This set was absolutely defined by blistering fretworks from one who must certainly be among the most imaginative guitarists working today.
Tashi Dorji was among a bill with no less than five artists on the lineup, among them experimental DJs, DnB sculptors, and local up-and-coming artists from the noise/experimental scene. The setting was a fantastic little space owned and operated by Machines With Magnets, a recording studio set up in an old mill in Pawtucket.
Dorji’s set was brief but captivating. Using a small array of electronics to augment the semi-hollow body guitar that he strummed, he playing began quietly, sort of riffing on a raga style drone and building on that. Establishing themes and motifs, Dorji would often incorporate a delay into the signal that resulted in the effect or illusion of positioning all of the notes suspended in air, only to chase after them with frenetically quick fingerwork.
I spoke with Tashi for a few moments before and after his set. The gentleman musician, he was cool and relaxed beforehand, discussing the down-home atmosphere of the studio space, and even suggesting the best parking in the area (though the North Carolinan from Bhutan probably wasn’t the most familiar with the Pawtucket neighborhood, and was likely being friendly).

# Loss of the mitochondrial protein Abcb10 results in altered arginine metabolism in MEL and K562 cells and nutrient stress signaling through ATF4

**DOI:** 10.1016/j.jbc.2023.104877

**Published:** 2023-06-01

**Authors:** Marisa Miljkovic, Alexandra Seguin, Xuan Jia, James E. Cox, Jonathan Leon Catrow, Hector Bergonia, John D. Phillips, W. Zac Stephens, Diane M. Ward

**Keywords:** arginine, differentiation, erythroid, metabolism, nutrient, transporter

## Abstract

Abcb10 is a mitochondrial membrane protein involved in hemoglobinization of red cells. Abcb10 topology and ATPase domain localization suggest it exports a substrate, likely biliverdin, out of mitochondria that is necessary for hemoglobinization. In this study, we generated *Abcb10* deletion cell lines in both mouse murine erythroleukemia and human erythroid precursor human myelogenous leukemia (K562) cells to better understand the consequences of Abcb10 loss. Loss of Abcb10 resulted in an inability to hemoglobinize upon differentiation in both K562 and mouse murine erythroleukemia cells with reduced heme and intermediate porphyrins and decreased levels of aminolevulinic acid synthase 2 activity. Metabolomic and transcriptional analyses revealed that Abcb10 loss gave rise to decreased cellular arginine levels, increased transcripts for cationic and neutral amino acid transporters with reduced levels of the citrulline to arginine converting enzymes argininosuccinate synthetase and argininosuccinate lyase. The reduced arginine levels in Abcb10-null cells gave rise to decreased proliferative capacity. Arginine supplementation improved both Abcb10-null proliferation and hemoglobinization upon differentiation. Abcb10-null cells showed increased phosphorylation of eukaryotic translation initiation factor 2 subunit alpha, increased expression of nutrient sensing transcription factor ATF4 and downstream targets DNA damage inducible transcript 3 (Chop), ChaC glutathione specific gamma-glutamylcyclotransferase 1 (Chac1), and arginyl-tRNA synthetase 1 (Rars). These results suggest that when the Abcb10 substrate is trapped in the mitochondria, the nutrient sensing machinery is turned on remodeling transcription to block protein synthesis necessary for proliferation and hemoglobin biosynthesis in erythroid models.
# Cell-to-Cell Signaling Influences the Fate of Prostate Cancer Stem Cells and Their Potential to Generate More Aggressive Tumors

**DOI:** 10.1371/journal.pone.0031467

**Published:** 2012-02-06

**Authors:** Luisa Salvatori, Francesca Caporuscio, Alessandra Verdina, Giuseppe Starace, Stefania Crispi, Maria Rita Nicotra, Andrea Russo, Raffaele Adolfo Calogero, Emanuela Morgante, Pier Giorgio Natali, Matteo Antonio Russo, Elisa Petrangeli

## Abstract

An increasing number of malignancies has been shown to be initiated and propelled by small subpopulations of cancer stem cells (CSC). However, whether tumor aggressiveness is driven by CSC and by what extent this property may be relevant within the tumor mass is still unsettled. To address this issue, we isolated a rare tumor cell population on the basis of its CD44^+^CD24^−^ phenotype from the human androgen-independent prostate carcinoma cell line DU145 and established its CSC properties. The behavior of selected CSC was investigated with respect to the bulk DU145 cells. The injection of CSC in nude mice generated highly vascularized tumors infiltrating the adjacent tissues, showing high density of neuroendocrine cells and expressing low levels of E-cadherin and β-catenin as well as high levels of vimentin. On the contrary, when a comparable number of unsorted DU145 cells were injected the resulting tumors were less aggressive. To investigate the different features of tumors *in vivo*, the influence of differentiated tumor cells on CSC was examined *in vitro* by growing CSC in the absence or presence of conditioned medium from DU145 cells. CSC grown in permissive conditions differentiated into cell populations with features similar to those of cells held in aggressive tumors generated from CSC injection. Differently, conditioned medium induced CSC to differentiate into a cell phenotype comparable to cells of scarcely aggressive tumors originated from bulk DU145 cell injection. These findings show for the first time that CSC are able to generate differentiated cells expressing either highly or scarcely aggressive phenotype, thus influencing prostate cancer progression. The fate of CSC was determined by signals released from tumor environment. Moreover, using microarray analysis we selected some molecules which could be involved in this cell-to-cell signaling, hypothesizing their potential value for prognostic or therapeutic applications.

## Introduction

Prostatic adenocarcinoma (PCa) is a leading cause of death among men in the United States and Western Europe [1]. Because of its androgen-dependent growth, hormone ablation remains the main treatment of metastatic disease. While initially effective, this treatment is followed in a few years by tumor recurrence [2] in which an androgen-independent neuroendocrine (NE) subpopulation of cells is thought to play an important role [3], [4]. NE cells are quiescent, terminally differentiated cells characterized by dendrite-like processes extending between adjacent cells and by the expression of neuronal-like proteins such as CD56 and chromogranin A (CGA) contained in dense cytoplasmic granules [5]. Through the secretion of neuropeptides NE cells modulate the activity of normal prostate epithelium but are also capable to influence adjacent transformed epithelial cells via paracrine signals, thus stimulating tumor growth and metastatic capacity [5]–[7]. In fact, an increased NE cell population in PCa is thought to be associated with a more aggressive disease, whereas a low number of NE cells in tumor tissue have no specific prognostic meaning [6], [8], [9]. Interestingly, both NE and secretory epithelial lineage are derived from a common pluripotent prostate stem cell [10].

Afterwards, I posed a few questions in regard to the style with which he’d approached his playing. I questioned whether the seamless set was influenced by or an excerpt of his earlier albums from 2012, but I was astounded to hear that the notes he played were constructed on the spot, though there was a certain theme and flow throughout – a bit of classical here, some speedy jazz here, an outright crash of noise there. “Sure,” he remarked with a chuckle, “I can play, like, Charlie Parker.” It was a bit self-effacing, but to actually behold Tashi Dorji’s playing in a live setting is a unique and thrilling prospect, one which I’m looking forward to experiencing again, and soon.